The Global Environment Facility was created to protect the global commons, and funds projects to address climate change, biodiversity loss, land degradation, sustainable forestry, international waters, and chemicals in more than 170 countries. Since 1991, it has provided $17.6 billion in grants and mobilized an additional $88.6 billion in financing for more than 4,453 projects.
Maps of the Brazilian Amazon in 2000 and 2010 show unmistakable signs of dramatic change. Indigenous lands and several categories of protected areas now occupy millions of hectares, forming a consolidated landscape of conservation. But it might not have been so.
In the last two years something incredibly positive has happened. The often-criticised United Nations has given the world the biggest gift: the Sustainable Development Goals. The Global Goals have moved the conversation about sustainability from “why?” to “how?”. The facts are incontrovertible – we must act, now – and the Goals lay out the agenda. Working out how to find solutions for the sustainability challenges of energy, cities, food systems, waste, water and mobility is now on everyone’s agenda.
Indigenous people are disproportionately represented among the destitute; they constitute approximately five per cent of the world's population, but make up 15 per cent of the world's poor. The majority of them have historically faced social exclusion and marginalisation. Their levels of access to adequate health and education services are well below national averages. And they are especially vulnerable to the consequences of environmental degradation.
The 2nd replenishment meeting of the Global Environment Facility (GEF) Trust Fund (GEF-7) was held earlier this month in Addis Ababa, Ethiopia, discussing the future direction of the GEF to tackle the drivers of environmental degradation.
The two-day meeting opened October 4 with a keynote address by Dr. Gemedo Dalle, Minister of the Environment for Ethiopia, who highlighted his country’s sustainable development plans, and “commitment to support the vison and objectives of the GEF”.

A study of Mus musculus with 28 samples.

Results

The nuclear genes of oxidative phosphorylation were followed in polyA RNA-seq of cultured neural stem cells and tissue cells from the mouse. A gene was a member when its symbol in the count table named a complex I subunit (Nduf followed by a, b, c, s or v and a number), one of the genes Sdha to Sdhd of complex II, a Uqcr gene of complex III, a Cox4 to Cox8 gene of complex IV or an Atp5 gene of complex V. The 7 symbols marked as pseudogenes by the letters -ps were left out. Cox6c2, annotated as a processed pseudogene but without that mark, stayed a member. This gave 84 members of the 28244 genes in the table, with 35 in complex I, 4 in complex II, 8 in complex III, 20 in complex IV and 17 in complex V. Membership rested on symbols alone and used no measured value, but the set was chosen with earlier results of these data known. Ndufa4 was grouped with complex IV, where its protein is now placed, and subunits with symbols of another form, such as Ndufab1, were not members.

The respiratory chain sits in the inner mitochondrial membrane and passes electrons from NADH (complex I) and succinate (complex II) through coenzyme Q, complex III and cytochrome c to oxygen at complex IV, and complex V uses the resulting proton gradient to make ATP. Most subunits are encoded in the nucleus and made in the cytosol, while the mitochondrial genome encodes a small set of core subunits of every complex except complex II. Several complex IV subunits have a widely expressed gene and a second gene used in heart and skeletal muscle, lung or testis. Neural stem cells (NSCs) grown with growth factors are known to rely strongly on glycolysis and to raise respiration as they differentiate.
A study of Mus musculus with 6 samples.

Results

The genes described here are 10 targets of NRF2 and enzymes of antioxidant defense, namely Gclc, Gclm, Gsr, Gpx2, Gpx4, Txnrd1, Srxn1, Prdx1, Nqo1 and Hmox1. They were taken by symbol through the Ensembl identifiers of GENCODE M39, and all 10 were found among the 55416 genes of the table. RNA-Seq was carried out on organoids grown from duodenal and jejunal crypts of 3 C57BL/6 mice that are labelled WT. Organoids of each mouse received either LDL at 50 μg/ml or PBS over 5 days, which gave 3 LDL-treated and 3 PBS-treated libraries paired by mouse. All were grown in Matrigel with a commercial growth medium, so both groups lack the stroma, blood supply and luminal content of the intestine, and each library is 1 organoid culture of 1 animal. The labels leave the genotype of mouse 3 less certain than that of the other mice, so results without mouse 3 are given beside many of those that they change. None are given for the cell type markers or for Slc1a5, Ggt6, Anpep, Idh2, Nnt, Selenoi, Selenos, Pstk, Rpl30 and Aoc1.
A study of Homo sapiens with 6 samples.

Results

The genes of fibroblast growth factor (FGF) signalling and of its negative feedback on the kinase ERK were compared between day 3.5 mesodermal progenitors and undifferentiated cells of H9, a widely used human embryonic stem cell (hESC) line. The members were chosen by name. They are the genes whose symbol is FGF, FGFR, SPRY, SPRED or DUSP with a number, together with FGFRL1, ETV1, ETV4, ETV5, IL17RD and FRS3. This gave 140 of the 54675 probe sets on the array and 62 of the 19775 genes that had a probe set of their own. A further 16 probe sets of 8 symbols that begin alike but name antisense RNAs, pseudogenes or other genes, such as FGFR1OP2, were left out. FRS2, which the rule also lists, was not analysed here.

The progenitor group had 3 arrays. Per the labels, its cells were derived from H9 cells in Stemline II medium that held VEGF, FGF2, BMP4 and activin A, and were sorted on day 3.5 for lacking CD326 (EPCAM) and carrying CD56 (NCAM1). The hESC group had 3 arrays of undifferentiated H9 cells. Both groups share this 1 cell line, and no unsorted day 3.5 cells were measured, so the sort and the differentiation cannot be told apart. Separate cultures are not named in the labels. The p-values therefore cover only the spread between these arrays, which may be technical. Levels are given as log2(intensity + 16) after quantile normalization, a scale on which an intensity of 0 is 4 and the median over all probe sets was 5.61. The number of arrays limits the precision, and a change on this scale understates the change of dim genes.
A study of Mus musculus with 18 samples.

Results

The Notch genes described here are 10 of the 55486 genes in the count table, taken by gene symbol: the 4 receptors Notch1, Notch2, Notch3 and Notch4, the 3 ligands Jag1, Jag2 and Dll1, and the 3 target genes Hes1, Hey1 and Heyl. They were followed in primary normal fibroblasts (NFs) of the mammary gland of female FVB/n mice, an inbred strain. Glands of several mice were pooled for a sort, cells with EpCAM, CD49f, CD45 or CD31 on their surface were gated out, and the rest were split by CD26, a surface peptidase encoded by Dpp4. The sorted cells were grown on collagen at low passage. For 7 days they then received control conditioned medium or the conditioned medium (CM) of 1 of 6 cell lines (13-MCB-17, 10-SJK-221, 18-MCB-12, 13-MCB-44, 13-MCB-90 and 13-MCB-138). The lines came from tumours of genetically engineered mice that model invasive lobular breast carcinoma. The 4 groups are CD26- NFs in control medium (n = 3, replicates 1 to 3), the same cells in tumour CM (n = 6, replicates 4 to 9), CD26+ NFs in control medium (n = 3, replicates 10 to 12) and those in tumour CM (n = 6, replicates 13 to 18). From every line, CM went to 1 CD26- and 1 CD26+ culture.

The Global Environment Facility is a knowledge-based organization in which evaluation is central to accountability, results and learning. For it to be truly useful, it must respond to changes both in the external landscape in which the Facility operates and in internal modus operandi. During the Facility’s 7th Replenishment process, the Independent Evaluation Office is completing its sixth Comprehensive Evaluation under the theme ‘the Global Environment Facility in the Changing Landscape of Environmental Finance’.
More than just a financial mechanism or a partnership agreement, the Global Environment Facility sits at the very heart of global action to protect and restore our environment. This edition of Our Planet looks at the work of the Facility, which for more than a quarter century has driven catalytic change, enabling progress on the world’s most pressing environmental challenges.
The Earth Summit in Rio de Janeiro, Brazil, in 1992 was an historic moment for our planet, producing the United Nations Framework Convention on Climate Change and the Convention on Biological Diversity in addition to the Rio Declaration. Bhutan, under the far-sighted leadership of our monarchs, was one of the early countries to welcome and support both agreements to help tackle the world's most pressing environmental problems.
Many may think us an unlikely pair – Republican Representative from Nebraska, in the heartland of America, and a progressive Democratic Senator from Rhode Island, the Ocean State. However, we have come together as Co-Chairs in the United States Congressional International Conservation Caucus because we share a conviction that good natural resource management is fundamental to building a strong economy, bolstering national security, and protecting public health.
As stretch targets for the world, the Sustainable Development Goals offer a game plan for harmonizing the demands of a fast-growing human population with a dwindling finite natural resource base. Business, government and civil society need to work together in radically new ways to meet them.